Special Effects in Black & White Film Photography
May 16 2008 0 Comments
Coming into photography during the digital age I’ve never known a thing about shooting film. It has always been an intriguing subject to me and i’ve always wanted to try it at least once. So this is about some techniques that i use all the time and i have recently learned about in the world of film photography.
If you don’t know.. Pam works for the Pasco County Library Cooperative so information flows easily around here. not that i couldn’t just look it up on the internet but a good book every now and then will teach you a lot. so one day last month while killing time i decided to check out a book titled “John Hedgecoe’s Complete Guide to Black & White Photography” (ISBN: 1-4027-2812-3). If you are a Black and White enthusiast i would suggest reading this no matter what you shoot. Digital or film.
anyways on to the the good stuff…
Dodging and Burning in Film
I had no idea you could do this outside of the digital darkroom and i was amazed to find out it was as simple as holding a card over part of the paper during part of the exposure and it will lighten that area in the print. i guess this is referred to as shading in film and dodging but it’s the same thing. To burn in part of a photo is really simple as well.. just cover all of the paper except for the part that you want darker and expose that for part of the exposing process on the enlarger. pretty simple i thought and definitely way cool.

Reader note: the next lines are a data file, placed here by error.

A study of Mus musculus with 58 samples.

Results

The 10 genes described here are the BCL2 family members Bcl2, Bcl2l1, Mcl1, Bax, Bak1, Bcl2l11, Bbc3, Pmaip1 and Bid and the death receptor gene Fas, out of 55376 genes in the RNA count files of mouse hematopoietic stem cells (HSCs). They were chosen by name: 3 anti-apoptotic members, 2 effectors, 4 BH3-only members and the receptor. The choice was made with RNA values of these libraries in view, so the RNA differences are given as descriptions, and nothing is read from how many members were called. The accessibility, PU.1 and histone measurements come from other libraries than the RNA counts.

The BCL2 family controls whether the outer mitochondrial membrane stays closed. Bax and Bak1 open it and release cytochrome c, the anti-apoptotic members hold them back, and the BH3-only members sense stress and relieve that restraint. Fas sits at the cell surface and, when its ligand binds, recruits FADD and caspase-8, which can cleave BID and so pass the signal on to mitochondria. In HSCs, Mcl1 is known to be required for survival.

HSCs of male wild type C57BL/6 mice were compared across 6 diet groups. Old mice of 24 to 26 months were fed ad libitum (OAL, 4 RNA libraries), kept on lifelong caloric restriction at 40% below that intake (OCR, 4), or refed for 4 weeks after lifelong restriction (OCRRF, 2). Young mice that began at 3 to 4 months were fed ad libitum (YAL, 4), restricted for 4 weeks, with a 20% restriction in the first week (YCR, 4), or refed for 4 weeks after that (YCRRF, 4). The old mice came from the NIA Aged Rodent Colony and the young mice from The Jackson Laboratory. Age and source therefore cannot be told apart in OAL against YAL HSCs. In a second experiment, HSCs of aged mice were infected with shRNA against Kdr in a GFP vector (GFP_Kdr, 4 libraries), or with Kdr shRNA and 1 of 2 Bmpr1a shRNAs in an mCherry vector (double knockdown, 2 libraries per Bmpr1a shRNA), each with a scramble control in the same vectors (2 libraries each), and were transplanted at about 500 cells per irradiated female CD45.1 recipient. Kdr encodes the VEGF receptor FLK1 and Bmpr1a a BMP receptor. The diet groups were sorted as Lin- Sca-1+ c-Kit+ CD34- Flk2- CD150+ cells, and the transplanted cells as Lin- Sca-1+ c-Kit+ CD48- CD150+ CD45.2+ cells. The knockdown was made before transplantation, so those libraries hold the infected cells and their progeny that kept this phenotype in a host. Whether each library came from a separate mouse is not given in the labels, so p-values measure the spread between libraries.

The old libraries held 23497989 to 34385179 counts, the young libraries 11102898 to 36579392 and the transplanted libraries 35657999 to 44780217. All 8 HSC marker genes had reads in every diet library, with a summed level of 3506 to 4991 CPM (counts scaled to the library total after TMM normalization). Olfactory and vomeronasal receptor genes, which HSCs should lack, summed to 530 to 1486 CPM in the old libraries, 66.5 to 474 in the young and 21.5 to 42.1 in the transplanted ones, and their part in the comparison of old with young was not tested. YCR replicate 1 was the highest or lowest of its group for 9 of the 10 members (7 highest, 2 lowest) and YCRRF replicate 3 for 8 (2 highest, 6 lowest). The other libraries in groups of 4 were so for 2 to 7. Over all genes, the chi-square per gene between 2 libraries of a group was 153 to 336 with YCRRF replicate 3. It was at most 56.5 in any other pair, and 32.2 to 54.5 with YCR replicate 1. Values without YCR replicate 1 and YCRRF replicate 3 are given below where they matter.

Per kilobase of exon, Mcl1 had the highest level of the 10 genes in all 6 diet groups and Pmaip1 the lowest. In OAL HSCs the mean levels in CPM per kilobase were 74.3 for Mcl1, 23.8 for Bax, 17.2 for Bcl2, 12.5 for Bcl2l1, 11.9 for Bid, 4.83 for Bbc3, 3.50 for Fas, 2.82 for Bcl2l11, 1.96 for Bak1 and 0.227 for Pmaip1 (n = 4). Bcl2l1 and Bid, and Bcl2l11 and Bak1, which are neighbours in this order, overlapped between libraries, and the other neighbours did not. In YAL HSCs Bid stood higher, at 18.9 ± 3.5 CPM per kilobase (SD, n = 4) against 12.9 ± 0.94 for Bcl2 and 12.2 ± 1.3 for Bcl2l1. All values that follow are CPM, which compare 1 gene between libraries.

Known as compositing in the digital realm we use this a lot. Amazing to find out that it can be done with film as well but it could be a little tricky depending on how complex the composite you wish to create is. To do this you would take your first original and cut out a mask from some black construction paper to the shape of the area that you want to composite into the print. Expose the second original on the enlarger with the part where the first original is to be exposed covered by the mask you created. Expose this and one it has been exposed for the amount of time needed, remove the mask and using the the original mask paper with the cut-out piece, cover the paper and the areas that have already been exposed, switch negatives in the enlarger and expose your first original into the spot that was covered by the mask in the first exposure.
These are only 2 techniques used in film photography that you probably have no clue about. I for one know i did not and i was really interested in it when i found out that these digital darkroom tricks that we take for granted were originated in a real darkroom and took a little bit of creative effort to pull it off. It’s just interesting to see where some of these things evolve from.
I will post one or two more techniques that i learned later on but i thought that these were really cool and i wanted to share them with you. Enjoy!
PS: if i have gotten any part of this wrong, please inform me. I could have very well mixed up something and i would never know. so just drop a comment or use the contact us page to send us an email and let me know so i can fix it.